Zimbabwes Bananas Appeal Fails
SUMMARY: Will the countrys first post-colonial President show up to serve his
time now that his conviction for sexually assaulting nine men has been upheld?
Zimbabwes first post-colonial President Canaan Banana lost an appeal of his 1999
conviction and sentence for eleven counts of sexual harassment and sexual assaults against
nine men; the countrys Supreme Court rejected the appeal on May 29 by a 3 - 2 vote.
One basis for his appeal was that the sex charges violate privacy rights under
Zimbabwes constitution, and the question of whether to strike down the nations
sodomy law divided the justices, with the majority convinced the law should stand in
recognition of prevailing social attitudes.
Bananas was hardly a test case for consensual acts, however, since most of the
incidents occurred during his 1980 - 1987 tenure as President against lower level staff
serving under him. Chief Justice Anthony Gubbay described Bananas use of "his
immense superiority of status to beat down the resistance of a young and inexperienced
complainant," chief victim former bodyguard Jefta Dube, as "a horrifying
tale"; other victims feared arrest or even execution for rejecting the
Presidents advances. "The offenses committed were disturbing and serious,"
the court said. Before the story of Bananas assaults against Dube broke during the
latters trial for murder in early 1997, Banana was a respected African international
statesman, an ordained minister and head of the religion department at the University of
Zimbabwe, as well as for more than three decades a ZANU-PF party compatriot of notoriously
homophobic current President Robert Mugabe. Banana, 64, a married father of four, has
flatly denied all the charges throughout, claiming a conspiracy to silence him.
Dube had lodged complaints with his superiors about Bananas advances and begged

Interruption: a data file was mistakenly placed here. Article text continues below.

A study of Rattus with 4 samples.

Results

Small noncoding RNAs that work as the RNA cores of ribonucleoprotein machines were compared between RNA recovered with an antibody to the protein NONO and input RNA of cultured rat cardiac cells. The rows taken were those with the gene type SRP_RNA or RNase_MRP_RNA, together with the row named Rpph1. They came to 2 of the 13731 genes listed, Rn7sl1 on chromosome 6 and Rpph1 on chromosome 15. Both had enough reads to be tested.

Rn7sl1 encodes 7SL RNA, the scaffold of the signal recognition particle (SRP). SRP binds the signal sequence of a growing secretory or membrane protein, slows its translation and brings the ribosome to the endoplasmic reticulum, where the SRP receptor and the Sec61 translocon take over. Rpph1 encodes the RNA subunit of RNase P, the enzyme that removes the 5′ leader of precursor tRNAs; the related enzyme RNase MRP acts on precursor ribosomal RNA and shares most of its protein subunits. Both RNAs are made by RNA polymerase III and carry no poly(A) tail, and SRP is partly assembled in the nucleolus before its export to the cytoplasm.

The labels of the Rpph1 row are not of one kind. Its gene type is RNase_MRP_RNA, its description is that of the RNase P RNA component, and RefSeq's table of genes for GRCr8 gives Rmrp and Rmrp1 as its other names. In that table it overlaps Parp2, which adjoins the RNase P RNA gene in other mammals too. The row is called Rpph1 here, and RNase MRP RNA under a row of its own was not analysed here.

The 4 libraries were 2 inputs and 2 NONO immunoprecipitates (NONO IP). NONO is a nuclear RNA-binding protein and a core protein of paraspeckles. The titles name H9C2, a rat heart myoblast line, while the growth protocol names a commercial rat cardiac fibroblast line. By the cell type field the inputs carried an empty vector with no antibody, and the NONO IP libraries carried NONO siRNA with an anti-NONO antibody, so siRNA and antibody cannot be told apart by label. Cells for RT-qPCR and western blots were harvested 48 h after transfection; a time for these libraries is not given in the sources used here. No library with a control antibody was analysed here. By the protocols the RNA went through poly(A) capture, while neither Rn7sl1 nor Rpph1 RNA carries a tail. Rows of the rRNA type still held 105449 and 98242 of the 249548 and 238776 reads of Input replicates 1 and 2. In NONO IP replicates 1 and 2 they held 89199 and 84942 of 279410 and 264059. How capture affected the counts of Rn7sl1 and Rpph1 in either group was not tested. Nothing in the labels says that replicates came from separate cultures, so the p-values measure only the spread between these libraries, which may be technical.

for a transfer out of the State House, but because of the Presidents power it was
more than three years before he was allowed to leave. In the most serious of Dubes
allegations, Banana had drugged Dubes drink in order to rape him anally while he was
unconscious. Dube fell into alcoholism and drug abuse and his marriage broke up. Dube
later shot dead a fellow police constable who teased him for being "Bananas
In an unusual move, the government-controlled media were allowed to report the
judges findings at the end of Dubes trial in February 1997, where the judge
read at length from Dubes testimony before sentencing him to ten years in prison.
That judge ordered prosecutors to investigate the allegations against Banana, and
reportedly more victims flocked to police stations representing every area of
Bananas life, including his youth soccer team. All but one of the cases chosen for
prosecution dated back to Bananas ceremonial Presidency, when Mugabe already held
the reins of power in the role of Prime Minister. (When the Presidency was redefined as a
powerful executive, Mugabe took it over in 1987.) Bananas trial was reported with a
level of tabloid salaciousness that Zimbabwe had never seen before.
Banana was given a rather unusual sentence in December 1998 in which he was required to
serve only one year in jail if he paid reparations to Dube of Z$250,000 (US$6,600); nine
more years were suspended. That sentence was upheld by the Supreme Court. There is some
doubt as to whether Banana will present himself to authorities as required; he previously
broke house arrest to secretly visit several other southern African countries in search of
political support. He also suffers from health problems which have required him to leave
the country for treatment on several occasions since his arrest.
Banana could still be pardoned by Mugabe, who has never publicly commented on the case.